This Christmas, primary school teacher Paul Maddens is charged with producing the school's nativity play. Competing against the posh rival school for the honor of best reviewed show in town, the stakes are raised when Paul idly boasts that his ex-girlfriend Jennifer, a Hollywood Producer, is coming to see his show with a view to turning it into a film. The only trouble is - they haven't spoken in years. With eccentric assistant Mr Poppy fuelling his 'little white lie', Maddens suddenly finds himself a local celebrity and at the center of quarreling parents and over-excited children desperate in their bid for fame and fortune. Maddens' only hope is to get back in touch with Jennifer and lure Hollywood to town so that everybody's Christmas wishes come true.Written by
When TJ has finished singing 'Good News' the harness starts to pull him back up to the spire, he is not wearing his robe, when the camera changes angle we see that he is now wearing his robe. See more »
End-credits dedication: "This film is dedicated to inspirational teachers everywhere." See more »
More a CBBC Christmas TV comedy than a feature film, but a fitfully funny, charming film all the same
Premiering on BBC2 over the Christmas period, I decided to catch-up with it even if I disliked the look of it from the trailer over two years ago. My first impressions were wrong.
Freeman plays his hassled teacher role straight (and very believably) so it's up to Wooton to be the clownish man-child, providing most of the laughs although Freeman has hilariously great 'WTF?' expressions in reaction to his co-star's antics. Ferris is the head, who's like the typical didactic staff member, who just wants to keep everything under control. Carr plays an exaggerated version of himself as a critic, Jensen is sweet as Freeman's ex, Watkin's plays his role broadly, pretty much a panto villain and the kids are alright, with the smallest boy stealing the show at nearly every opportunity. Those who remember Britain's Got Talent from the first series will spot some familiar faces.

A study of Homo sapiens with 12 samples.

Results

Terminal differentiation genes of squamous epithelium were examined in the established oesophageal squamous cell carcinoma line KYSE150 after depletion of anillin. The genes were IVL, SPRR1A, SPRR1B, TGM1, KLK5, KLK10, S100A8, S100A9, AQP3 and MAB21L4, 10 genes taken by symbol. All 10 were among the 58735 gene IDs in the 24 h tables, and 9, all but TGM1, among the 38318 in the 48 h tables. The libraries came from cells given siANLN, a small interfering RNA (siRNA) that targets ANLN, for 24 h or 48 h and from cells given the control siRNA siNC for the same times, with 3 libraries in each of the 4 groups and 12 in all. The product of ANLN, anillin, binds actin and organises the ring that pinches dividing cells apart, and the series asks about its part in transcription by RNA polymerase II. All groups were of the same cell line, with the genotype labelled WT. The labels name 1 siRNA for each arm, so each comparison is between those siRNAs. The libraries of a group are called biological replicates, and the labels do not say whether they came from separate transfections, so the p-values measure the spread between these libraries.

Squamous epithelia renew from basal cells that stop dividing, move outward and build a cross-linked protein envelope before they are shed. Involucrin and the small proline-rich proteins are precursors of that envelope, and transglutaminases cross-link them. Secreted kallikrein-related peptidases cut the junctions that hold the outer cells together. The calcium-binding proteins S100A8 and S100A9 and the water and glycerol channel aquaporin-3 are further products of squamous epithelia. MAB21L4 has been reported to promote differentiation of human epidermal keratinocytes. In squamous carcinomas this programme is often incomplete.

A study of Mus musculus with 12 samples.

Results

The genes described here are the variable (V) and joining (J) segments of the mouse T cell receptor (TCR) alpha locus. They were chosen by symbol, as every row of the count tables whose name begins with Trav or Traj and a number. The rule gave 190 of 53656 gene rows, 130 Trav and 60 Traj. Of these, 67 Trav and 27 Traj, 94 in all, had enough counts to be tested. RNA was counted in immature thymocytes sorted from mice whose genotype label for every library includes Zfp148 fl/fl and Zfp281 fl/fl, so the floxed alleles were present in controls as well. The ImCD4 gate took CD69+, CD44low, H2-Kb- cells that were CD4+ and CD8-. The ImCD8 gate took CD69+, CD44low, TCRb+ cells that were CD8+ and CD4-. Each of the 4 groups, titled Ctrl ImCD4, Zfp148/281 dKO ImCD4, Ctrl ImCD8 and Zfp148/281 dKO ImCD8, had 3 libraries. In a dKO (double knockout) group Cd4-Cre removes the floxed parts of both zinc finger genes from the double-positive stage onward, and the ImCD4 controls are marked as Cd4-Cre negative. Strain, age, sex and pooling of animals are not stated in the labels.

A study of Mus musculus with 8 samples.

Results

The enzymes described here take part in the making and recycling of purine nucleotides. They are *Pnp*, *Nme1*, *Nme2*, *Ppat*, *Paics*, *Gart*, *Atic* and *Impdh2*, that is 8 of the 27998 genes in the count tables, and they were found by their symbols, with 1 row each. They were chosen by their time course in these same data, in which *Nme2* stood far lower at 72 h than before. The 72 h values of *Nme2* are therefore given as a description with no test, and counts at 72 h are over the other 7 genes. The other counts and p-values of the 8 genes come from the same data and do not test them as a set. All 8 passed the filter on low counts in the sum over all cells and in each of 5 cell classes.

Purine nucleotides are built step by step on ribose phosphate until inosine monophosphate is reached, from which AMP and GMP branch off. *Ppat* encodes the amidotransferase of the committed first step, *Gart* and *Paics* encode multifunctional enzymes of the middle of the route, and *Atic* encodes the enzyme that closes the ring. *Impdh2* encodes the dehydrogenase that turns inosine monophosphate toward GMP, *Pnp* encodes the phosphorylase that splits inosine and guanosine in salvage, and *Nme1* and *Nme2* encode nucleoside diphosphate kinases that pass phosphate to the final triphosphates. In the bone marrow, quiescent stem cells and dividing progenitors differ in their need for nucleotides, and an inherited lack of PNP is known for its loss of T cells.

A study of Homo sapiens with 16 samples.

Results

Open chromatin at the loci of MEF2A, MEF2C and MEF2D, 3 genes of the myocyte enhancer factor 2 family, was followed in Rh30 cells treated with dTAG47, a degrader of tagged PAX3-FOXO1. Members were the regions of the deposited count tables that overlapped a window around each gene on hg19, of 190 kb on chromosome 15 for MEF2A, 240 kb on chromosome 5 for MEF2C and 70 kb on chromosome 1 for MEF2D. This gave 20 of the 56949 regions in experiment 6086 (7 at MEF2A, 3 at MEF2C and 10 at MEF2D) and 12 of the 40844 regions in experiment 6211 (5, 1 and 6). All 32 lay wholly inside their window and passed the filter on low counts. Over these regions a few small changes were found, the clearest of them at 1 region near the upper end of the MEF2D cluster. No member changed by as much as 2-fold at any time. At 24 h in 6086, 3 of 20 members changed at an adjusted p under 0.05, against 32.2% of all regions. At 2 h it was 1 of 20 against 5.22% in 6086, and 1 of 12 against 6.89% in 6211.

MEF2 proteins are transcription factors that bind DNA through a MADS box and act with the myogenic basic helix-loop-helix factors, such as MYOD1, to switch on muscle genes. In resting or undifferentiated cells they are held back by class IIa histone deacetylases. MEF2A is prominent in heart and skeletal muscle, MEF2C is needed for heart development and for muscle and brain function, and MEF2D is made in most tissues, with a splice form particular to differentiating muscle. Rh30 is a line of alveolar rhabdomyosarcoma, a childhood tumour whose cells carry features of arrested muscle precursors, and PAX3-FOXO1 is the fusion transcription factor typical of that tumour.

The pacing is pretty good and it never felt plodding anywhere, so kudos for the editing - some shots could've been a bit longer, so I could've appreciated a scene more. It does have a very televisual look, as I said and the two primary schools must be the smallest I've ever seen as apart from the main two classes, the schools look pretty empty, so maybe they couldn't they afford extras? The plot is predictable, it had some some manipulatively mawkish scenes (although one main one actually did make me cry as the actor's voice faltered while he was talking) and it did go beyond 'suspension of disbelief' for the ending, but with that exclamation mark in the title, this was always going to be a festive farce, not to be taken too seriously.
The songs remind me of the cheerful exuberance some of Brittania High's songs had, so the Christmas primary school version of that is what the original music reminded me of. I didn't dislike any and would consider buying the OST.
Overall: When the laughs come, it delivers and it had a high laugh count, for me. The drama side isn't so great and feels contrived due to clunky writing. Some of the youngsters have good comic timing and are actually pretty natural when they aren't looking lost/gurning in a scene. But, like Teachers main focus, this about the adults and the kids are just ancillary members. In tone, it's sort of like a spin-off Waterloo Road - The Primary Nativity. It zips along nicely, has a joyful, likable soundtrack and although it had no real reason to be released in cinemas, it's better than I thought it would be and will become an annual watch in my home - 6/10.